Can you introduce yourself to our readers?
My name’s David Mucci. I run a studio called Moto-Mucci where I build custom motorcycles and do design contracting for the motorcycle industry.
Where are you right now?
I’m based in Portland, OR
What was your first bike?
A 1978 CX500 that I bought mostly in bins about 11 years ago. I tore it down to the frame before ever riding it and turned it into a design project.
What’s your background?
I got my degree in Industrial Design from the College for Creative Studies in Detroit. There I focused on product and transportation design. My mechanical skills I’ve been acquiring since I was about 16 through repair manuals, tech school classes, industry mentors and the University of YouTube.
How did you get into building motorcycles?
I was into wrenching on cars for years before I bought a bike. Back in Chicago I had a 1989 BMW 325is that a buddy and I were rebuilding from the frame up. We probably put close to a year of work into it. Everything was out of the car, rebuilt, and on tables waiting to go back in after paint. Then my garage got broken into. They cleaned me out aside from leaving the chassis on jack stands. Losing everything from the car sucked but losing the lifetime of collected tools was worse. I had no interest in starting another car project after that, so I bought the CX500 and a $100 Craftsman mechanic’s tool set and started over.
We loved seeing the KTM 300 build up close at the One Moto Show. Your attention to detail is amazing. Do you use CAD? Do you sketch? What’s your design process?
Yes, all of the above. I go through a 4-round design phase with clients at the start of each build project. It starts with a wide range of loose sketches and we continue refining until we get to a fully detailed concept. During the build process I like using a wide range of techniques. The KTM is fitted with some old school, english wheel, hammer-and-dolly, formed aluminum body work. But I also went into CAD to design and build parts like the 3D printed carbon fiber headlight and CNC forged aluminum hubs. I try to learn at least a couple new skills with every build.
You are pretty handy at drawing your concept bikes. What’s the Kickstarter project you are involved in at the moment?
Over the past few months my buddy Matt Marrocco and I have been developing a sketch tutorial book called IDRAW Motos. It’s for anyone who has an interest in drawing and designing motorcycles whether to plan out their next custom, think up some rad future machine or simply sketch up their pride and joy sitting in the garage. The book is front loaded with a ton of foundational information on motorcycle dynamics so that readers understand the differences between model types. It covers basic anatomy, engine type and configuration, handling dynamics and how to set up a model-specific chassis. All that’s in chapter 1. From there the book gets into step-by-step tutorials, perspective lessons, wheel drawing techniques and layout fundamentals paired with 100+ templates to sketch over. The campaign is live right now here.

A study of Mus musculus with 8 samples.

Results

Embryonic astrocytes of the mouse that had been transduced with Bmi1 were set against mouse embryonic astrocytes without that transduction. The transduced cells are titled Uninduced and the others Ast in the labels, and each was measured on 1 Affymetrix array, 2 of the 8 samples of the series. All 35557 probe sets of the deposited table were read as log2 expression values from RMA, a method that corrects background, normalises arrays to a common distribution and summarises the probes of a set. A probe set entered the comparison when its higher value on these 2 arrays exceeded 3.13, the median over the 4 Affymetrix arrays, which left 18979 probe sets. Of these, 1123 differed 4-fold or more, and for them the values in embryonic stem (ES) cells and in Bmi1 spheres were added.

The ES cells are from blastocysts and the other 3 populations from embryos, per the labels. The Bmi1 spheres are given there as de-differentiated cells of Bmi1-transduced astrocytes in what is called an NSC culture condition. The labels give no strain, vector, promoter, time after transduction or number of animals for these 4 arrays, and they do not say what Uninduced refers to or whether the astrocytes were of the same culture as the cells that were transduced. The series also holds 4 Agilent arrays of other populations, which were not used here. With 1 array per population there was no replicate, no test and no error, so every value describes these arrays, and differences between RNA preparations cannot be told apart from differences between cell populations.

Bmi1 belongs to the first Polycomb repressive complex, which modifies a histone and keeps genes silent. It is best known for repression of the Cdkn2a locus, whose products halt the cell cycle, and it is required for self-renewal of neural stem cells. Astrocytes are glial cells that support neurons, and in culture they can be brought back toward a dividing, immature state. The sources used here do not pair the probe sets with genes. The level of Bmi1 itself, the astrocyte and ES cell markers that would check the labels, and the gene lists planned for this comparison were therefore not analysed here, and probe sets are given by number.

What’s inspires you?
It can be anything. I just try to keep my eyes open. If there’s one thing that fuels me to keep doing this, or creating in general, it’s the desire to put something out into the world that wasn’t there previously.
What’s the best ride you’ve been on?
Oh wow that’s a tough one. I think the most memorable and awe inspiring was riding Ducati’s from Ho Chi Minh City to Hanoi via the Ho Chi Minh Trail. Southeastern Asia blew my mind. There was one hell of a learning curve pulling out of the garage on a Hypermotard straight into a buzzing cloud of scooters. You almost just float with them like a current until you’re where you need to be.
What’s your favourite modern bike?
I have really been digging Husqvarna’s new direction for their street bikes. Honestly if I scooped up a 701 Svartpilen it’d probably be the first bike I owned but never modified. From a design perspective I think it’s right on the money. The Aero concept was a beaute as well.
What bike are you riding right now?
I’ve got the Husqvarna 570SM I built a few years back, a BMW R65, CX500 Turbo and the original CX500 I built back in 2010.
Dream bike if money was no option?
If money was no object I’d keep commissioning bikes from other builders; Thrive MC, Autofabrica, Max Hazan to name a few.
Is the future of motorcycles electric?
Yes but it depends on the timeline. I think we have a huge cultural divide to look forward to regarding gas vs. electric vehicles. It may be inevitable but I don’t think we’ll see gas vehicles banned in our lifetime. Not until those of us who grew up with found memories of combustion are long gone. But in the near future I’m eager to see how performance customization evolves in a grassroots fashion with these new powerplants. There have been a handful of impressive custom electric bikes popping up but with mostly aesthetic and suspension upgrades. I think there’s still a lot of fear around messing with the black box at the moment. It’s going to take a different kind of builder to start breaking into that but I’m sure it will happen.
What’s next for Moto Mucci?
I’ve got a couple builds I’m working on right now. One you’ll see gracing the pages of Pipeburn so keep an eye out!